The coronavirus pandemic has impacted on the delivery of internships – a crucial part of a journalism education – as universities in Australia start approving virtual work placements only, over fears of students catching COVID-19.
While there are few options at present other than working online and completing your work placement remotely journalism students say they find virtual internships interesting and would not mind doing such placements in the future.
In Melbourne, journalism students like Monica di Battista say they’re learning and doing more by working from home.
“I actually quite enjoy doing virtual internships; for me personally I find I am more productive at home at my desk so doing an internship about sports journalism is a dream for me and I love it – it allows me to feel calm and do my thing while working,” she says.
Fellow postgraduate Komal Fatima says virtual internships have enabled her to multitask and that there’s less pressure.
“I don’t mind, as it gives me more time to focus,” she says.
“There isn’t a sudden deadline or time frame which makes the environment very comfortable.”
Yuto Ito is also completing his postgraduate journalism studies during the pandemic, and says his virtual internship has given him opportunities to chat with his supervising senior journalists in other countries.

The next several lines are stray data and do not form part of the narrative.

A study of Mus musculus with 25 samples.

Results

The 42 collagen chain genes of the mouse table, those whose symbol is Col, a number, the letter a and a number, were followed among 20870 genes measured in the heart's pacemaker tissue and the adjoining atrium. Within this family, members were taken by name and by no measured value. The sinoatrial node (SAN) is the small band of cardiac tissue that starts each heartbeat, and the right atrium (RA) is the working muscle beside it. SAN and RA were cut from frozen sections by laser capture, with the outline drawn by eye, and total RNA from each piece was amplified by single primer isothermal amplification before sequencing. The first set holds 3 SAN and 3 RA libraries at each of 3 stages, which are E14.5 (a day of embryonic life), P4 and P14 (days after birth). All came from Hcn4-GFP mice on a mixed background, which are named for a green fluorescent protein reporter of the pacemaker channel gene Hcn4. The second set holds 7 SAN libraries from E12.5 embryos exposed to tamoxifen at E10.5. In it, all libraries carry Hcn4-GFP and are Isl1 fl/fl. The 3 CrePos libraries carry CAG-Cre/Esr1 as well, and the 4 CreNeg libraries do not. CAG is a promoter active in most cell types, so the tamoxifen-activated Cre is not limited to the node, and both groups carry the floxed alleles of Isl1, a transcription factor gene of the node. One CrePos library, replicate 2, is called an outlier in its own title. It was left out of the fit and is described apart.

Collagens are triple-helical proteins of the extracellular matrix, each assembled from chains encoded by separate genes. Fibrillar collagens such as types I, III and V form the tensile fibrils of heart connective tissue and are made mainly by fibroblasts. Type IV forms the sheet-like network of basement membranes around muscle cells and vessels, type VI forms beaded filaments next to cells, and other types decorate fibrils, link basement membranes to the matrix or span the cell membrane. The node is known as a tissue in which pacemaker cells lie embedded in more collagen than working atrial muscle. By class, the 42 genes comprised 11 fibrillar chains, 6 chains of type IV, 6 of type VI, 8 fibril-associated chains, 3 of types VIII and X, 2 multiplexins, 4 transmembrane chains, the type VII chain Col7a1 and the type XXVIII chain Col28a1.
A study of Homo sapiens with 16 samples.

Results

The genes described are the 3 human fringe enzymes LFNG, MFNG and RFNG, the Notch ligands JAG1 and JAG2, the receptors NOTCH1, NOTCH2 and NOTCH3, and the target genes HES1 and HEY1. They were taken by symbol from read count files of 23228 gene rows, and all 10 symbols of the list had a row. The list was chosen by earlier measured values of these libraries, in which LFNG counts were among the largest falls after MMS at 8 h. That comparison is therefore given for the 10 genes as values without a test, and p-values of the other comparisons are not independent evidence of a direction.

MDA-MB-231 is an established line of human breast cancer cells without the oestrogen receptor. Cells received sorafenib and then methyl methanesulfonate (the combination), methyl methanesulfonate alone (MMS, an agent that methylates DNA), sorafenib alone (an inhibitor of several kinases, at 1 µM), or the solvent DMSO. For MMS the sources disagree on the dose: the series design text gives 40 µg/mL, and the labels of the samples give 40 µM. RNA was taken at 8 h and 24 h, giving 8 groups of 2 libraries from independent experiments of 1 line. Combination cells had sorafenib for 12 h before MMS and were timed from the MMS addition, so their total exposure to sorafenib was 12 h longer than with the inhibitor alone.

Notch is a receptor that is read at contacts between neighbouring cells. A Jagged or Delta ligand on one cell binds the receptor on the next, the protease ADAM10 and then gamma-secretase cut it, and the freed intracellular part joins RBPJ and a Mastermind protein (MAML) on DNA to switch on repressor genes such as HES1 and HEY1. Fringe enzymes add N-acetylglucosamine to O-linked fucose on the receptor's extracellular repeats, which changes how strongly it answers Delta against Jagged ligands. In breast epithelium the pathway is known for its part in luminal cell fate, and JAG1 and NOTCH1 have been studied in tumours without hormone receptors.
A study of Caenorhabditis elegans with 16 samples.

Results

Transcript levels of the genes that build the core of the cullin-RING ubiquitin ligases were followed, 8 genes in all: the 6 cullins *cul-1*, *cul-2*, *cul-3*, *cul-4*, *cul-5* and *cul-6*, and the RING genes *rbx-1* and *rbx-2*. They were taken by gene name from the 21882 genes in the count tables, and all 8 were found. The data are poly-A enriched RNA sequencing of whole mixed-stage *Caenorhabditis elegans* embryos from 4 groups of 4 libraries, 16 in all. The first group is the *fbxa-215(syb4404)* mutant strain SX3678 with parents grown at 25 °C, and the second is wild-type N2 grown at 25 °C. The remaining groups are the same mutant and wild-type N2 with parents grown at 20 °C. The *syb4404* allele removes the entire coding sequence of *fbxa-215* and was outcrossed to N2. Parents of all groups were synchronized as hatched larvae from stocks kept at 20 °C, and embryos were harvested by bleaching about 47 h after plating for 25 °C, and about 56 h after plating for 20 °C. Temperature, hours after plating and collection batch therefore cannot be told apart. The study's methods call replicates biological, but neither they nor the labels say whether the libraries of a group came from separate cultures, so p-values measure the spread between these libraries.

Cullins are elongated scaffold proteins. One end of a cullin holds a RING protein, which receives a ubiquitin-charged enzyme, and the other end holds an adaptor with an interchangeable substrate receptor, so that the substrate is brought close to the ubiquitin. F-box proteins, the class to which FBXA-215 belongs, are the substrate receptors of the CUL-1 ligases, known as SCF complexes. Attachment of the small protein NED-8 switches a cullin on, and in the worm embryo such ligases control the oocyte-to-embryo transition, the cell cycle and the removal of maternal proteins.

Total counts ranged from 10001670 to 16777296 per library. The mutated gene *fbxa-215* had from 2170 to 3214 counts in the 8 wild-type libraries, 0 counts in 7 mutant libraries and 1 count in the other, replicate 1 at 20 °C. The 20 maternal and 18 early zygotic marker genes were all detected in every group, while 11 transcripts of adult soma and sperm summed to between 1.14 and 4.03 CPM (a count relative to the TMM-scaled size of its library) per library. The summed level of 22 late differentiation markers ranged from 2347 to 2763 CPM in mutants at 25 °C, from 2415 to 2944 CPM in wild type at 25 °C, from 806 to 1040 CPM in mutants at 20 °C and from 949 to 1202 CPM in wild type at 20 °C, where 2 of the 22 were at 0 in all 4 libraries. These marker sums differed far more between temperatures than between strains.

“You can work quite flexibly like adjusting shift based on your university’s schedule.”
Even though she misses being on site, for now Monica is leaning towards virtual internships which she describes as less nerve-breaking than being out in the field, which she experienced before the pandemic in non-virtual placements, and where it can be time consuming to get interviews done.
She says she feels more connected with the content that she writes and with the writers in her virtual team, and she gets feedback immediately from her team about her work.
Komal added that with no distractions a virtual internship is one of the best environments in which to work.
Yuto prefers non-virtual placements where he can be around people and learn on the spot, but he feels there are more opportunities open to him remotely.
So do they think in the future that more journalism internships will be conducted virtually?
Monica says it solely depends on the organization and the type of work in an internship, while Komal wished for more virtual internship opportunities.
“I hope so, it’s actually a great learning process and it helps identify your potential,” she says.
Yuto thinks virtual journalism internships are going to remain a fixture of media education.
“There are advantages both to students and companies,” he says.
But these types of placements also have disadvantages.
“The biggest problem I’ve faced is the internet dropping in and out and the website being overloaded with content all at once,” Monica says.
Komal points to the challenge of consistent communication with colleagues or interviewees.
“It is a drawback if you’re checking in twice a day, however if you’ve gotten an arrangement with the supervisor checking in every 2 hours or so I don’t think that’s much of a drawback than a setback,” she says.
Yuto believes the biggest difficulty is that it is harder to build and maintain networks, which is a key aspect of journalism.
In a virtual internship, he explains, “getting close to the other people is hard.”
“If you want to grab a coffee, you can say ‘hey do you have time after the shift?’ That’s impossible under this circumstance.”